Norco dairy co-operative will shed 240 jobs from its Lismore ice cream factory from mid July unless governments can stump up significantly more flood recovery money.
An additional $15 million announced by the NSW government this week will support an existing $44.3m promised by the federal government to help rebuild major regional employment in Lismore and the Richmond Valley, post flood but hard hit industries say the honey pot is far from sufficient given the incredible scale of impact.
Applications to the fund, designed to help large businesses which employ more than 200 people, close July 26 and come on top of existing support of $50,000 for small and $200,000 for medium-sized businesses trying to come back from inundation.
In announcing the new money minister for emergency management, Senator Murray Watt said "we want to help local industry get back to business as soon as possible but also to help future-proof them, by improving resilience to future natural disasters."
Dairy co-operative Norco is weighing-up whether to rebuild its damaged ice cream plant, with 240 workers given notice that they will be stood down from mid July unless significant increases to recovery money are forthcoming. Mr Hampson said $60m to $70m will be required to rebuild the Lismore ice cream factory, which produced 55m litres of product before the February flood.
"Lismore is the spiritual home of Norco. We are not about to abandon our presence here in the city's time of need," said Mr Hampson during a press conference on Wednesday, citing the suitability of the existing factory to already handle previous record floods.
"We are extremely grateful for the support received to date which has kept our workforce of 240 people gainfully employed for 16 weeks since the floods and enabled us to contribute significantly to the cleanup and rebuild of the community.
"However, that funding is due to end on July 15 and in the absence of any further details from the federal government, and confirmation that the state government won't be contributing to any support package, we've been forced to make some very difficult business decisions."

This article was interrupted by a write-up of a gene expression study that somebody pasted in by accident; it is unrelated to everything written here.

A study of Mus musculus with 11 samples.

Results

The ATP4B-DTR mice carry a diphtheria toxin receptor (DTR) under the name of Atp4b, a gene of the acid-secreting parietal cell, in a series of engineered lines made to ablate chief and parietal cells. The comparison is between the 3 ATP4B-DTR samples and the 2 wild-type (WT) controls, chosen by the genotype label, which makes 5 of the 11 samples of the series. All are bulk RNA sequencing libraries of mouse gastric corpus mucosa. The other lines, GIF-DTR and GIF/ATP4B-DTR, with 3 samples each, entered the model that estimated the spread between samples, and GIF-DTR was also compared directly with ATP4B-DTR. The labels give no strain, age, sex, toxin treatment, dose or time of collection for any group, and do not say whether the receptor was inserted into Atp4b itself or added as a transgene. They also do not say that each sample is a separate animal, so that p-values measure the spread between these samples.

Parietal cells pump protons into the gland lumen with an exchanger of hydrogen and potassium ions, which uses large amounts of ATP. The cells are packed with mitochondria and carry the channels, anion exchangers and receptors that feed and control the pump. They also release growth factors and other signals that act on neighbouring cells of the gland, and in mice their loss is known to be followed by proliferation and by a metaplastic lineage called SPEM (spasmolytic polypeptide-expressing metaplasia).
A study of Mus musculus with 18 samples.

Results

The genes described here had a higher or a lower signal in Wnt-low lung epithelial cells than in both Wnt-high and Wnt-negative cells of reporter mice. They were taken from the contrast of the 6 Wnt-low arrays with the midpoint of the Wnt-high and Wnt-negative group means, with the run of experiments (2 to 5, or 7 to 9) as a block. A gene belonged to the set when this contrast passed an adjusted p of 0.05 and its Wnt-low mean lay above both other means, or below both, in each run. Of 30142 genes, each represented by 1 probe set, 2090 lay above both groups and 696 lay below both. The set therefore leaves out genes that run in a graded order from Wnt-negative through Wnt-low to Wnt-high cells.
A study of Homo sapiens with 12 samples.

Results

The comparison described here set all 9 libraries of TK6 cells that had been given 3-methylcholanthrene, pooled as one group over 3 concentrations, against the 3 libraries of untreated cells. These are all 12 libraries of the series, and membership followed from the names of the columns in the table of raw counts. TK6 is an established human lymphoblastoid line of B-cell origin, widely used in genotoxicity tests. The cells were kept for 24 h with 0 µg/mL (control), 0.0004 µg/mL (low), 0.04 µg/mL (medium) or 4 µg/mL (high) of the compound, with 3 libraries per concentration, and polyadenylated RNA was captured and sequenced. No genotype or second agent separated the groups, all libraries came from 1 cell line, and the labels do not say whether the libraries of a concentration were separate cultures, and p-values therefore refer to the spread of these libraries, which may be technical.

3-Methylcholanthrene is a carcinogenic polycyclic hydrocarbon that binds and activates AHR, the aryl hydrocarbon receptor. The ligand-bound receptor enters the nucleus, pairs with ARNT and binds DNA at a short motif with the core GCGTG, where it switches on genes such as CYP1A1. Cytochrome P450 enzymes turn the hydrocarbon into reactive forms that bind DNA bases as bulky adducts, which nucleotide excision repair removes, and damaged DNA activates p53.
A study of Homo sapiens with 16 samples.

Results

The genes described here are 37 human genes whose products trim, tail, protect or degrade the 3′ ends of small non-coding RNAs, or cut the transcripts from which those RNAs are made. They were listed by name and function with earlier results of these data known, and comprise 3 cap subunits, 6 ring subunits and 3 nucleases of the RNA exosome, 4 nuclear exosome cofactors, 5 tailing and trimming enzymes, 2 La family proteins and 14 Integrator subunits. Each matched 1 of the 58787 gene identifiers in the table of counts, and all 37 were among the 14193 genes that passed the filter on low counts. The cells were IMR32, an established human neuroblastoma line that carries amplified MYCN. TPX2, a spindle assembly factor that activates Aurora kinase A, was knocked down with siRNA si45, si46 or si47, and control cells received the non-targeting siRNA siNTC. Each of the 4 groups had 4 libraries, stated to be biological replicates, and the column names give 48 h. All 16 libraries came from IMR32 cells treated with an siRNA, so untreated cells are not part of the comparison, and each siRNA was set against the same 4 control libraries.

Mr Hampson said closing the plant would be "a very sad day for Norco and its staff", many of whom enjoyed long tenure with the business, as well as the entire Lismore community.
With some modifications and installation of flood doors to isolate key electrical equipment the facility will be able to withstand new record inundation levels.
This week the NSW Sugar Milling Co-operative announced damages to its three processing plants totalling $45 million, with the Broadwater site worst affected and will remain closed until after August.
Sunshine Sugar CEO, Mr Chris Connors said; "The Anchor government grant package is incredibly important in the short term, but it just isn't enough."
"We have been consulting with both State and Federal Governments looking to increase the Anchor grant from $50m up to $100m and increase the timeline on expenditure so longer-term projects can receive assistance.
"The fear is that a lack of support for local producers, processors, and manufacturers, ultimately means a lack of support for the entire Northern Rivers communities.
"Furthermore, many businesses, whether large, medium or small, now face the prospect of no longer having any flood insurance cover, making the cost of rebuilding and mitigating future impacts fraught with significant risk."